The Indian steel industry has seen many ups and downs in the past couple of decades due to various factors in the global economy. The sector is also one of the core sectors of the economy and its performance is closely linked to the performance of the economy.
The industry had a good time when the global economy was roaring from 2004 to 2008 and the Indian economy was growing close to 9%. There were many infrastructure projects and the big names like Tata Steel and the like of it benefited from the boom. That’s when Tata went on to acquire Corus for 6.2 billion sterling pounds to create the 5th largest steel making company in the world. There was another deal that happened. ArcelorMittal was formed in 2006 after the takeover of Arcelor by Indian-owned Mittal Steel and merged with the latter to form the world’s biggest steel producer.
Then, the world was struck by the financial crisis and the global economy went into a tailspin. All sectors in India were affected and the government had to step into bail out companies including steel producers in India. Industrial production declined and housing sector was one of the worst affected sectors after the crisis. This had an adverse effect on the steel industry.
China also played a role in creating distress in the Indian steel sector. The Chinese companies flooded the market with low-cost steel and the domestic manufacturers were left in the lurch. The Indian government had to step in to save and protect the local steel companies. They took various measures such as levying minimum import prices, anti-dumping duties and custom duties on a variety of steel products such as stainless steel, alloy steel, etc., so that the manufacturers did not continue make losses.
These steps taken by the government gave a breather to the industry and India was able surpass Japan as the second largest steel producer in the world in 2018, but it was not out of the woods. The debt of the Indian steel companies ballooned due to decline in margins, weak demand and pricing issues in the prior year and many companies were debt ridden. There was also the threat of imports and uncertainties prevailing due to inconsistent availability of raw materials.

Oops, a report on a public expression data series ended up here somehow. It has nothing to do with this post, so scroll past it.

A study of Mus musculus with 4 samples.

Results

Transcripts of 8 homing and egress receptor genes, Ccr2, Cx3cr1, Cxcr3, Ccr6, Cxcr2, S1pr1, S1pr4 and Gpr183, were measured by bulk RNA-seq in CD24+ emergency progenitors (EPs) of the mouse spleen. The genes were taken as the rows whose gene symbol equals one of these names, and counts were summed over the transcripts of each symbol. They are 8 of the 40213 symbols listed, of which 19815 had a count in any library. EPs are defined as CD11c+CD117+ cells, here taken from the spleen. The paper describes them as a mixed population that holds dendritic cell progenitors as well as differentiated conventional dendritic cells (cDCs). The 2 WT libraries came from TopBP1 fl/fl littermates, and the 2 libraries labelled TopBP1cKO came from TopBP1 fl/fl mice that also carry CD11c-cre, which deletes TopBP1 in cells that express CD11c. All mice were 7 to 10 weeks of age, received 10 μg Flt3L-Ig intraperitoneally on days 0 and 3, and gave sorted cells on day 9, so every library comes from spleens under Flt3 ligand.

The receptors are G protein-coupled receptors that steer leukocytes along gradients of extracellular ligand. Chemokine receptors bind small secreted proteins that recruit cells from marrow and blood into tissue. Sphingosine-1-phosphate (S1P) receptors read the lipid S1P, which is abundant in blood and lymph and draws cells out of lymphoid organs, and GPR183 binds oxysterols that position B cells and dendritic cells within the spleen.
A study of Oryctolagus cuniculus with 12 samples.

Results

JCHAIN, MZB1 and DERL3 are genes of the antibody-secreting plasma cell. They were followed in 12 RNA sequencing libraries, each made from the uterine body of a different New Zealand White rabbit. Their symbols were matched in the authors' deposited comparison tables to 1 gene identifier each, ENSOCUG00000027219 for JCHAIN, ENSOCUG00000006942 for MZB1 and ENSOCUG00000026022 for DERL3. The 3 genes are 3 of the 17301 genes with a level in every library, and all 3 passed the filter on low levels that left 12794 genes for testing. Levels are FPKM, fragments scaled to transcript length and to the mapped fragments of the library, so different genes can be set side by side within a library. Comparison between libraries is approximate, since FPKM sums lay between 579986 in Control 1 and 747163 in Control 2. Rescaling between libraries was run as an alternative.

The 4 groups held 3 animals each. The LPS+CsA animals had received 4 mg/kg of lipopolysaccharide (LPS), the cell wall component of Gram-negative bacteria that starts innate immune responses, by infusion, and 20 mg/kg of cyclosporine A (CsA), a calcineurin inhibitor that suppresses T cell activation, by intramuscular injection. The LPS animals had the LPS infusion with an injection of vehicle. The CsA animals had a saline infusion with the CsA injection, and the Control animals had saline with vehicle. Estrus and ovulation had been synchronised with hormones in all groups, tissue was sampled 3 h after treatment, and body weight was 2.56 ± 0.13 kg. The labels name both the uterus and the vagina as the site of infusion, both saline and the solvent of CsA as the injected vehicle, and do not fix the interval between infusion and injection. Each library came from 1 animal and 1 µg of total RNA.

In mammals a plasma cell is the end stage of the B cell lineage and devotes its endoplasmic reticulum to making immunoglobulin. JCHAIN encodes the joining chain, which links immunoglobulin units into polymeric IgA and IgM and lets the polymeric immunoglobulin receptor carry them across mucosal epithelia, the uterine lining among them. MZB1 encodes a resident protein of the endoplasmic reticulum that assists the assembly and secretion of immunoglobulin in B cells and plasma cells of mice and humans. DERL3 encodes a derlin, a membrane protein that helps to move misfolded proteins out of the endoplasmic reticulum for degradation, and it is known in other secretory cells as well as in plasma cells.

In this scenario, the trade war erupted between China and the US which affected the steel industry amid a wide economic slowdown in India due to lower income levels and lesser domestic steel consumption. Lower demand from auto industry and construction sector also played spoil sport for steel sector. Then, the covid pandemic hit the global economy in an unexpected way.
However, as lockdown restriction eased, demand picked up gradually in the domestic economy and due to cost pressure, the steel producers raised prices. Demand from automotive and white good sector improved. During the same time, higher input cost and tight domestic supply as a result of higher exports pushed steel prices higher. To meet the export orders from foreign countries and higher domestic demand, steel producers improved capacity utilization.
Since the start of fiscal year 2021, there has been a renewed optimism over a faster recovery of the economy and the steel companies’ production volumes have increased. Indian companies were quick to open the steel plants and start production compared to their global counterparts. This was also evident from the higher production volumes in the first quarter of FY22 and robust results posted by large steel companies like JSW steel, Tata Steel, Jindal Steel, etc. Its shares have also done well and Nifty Metal index have been on the rise in the past few of months. As of now the steel industry looks strong and as the economy expands further, the growth of steel companies in terms of profitability and positive cash flows looks intact and can sustain longer.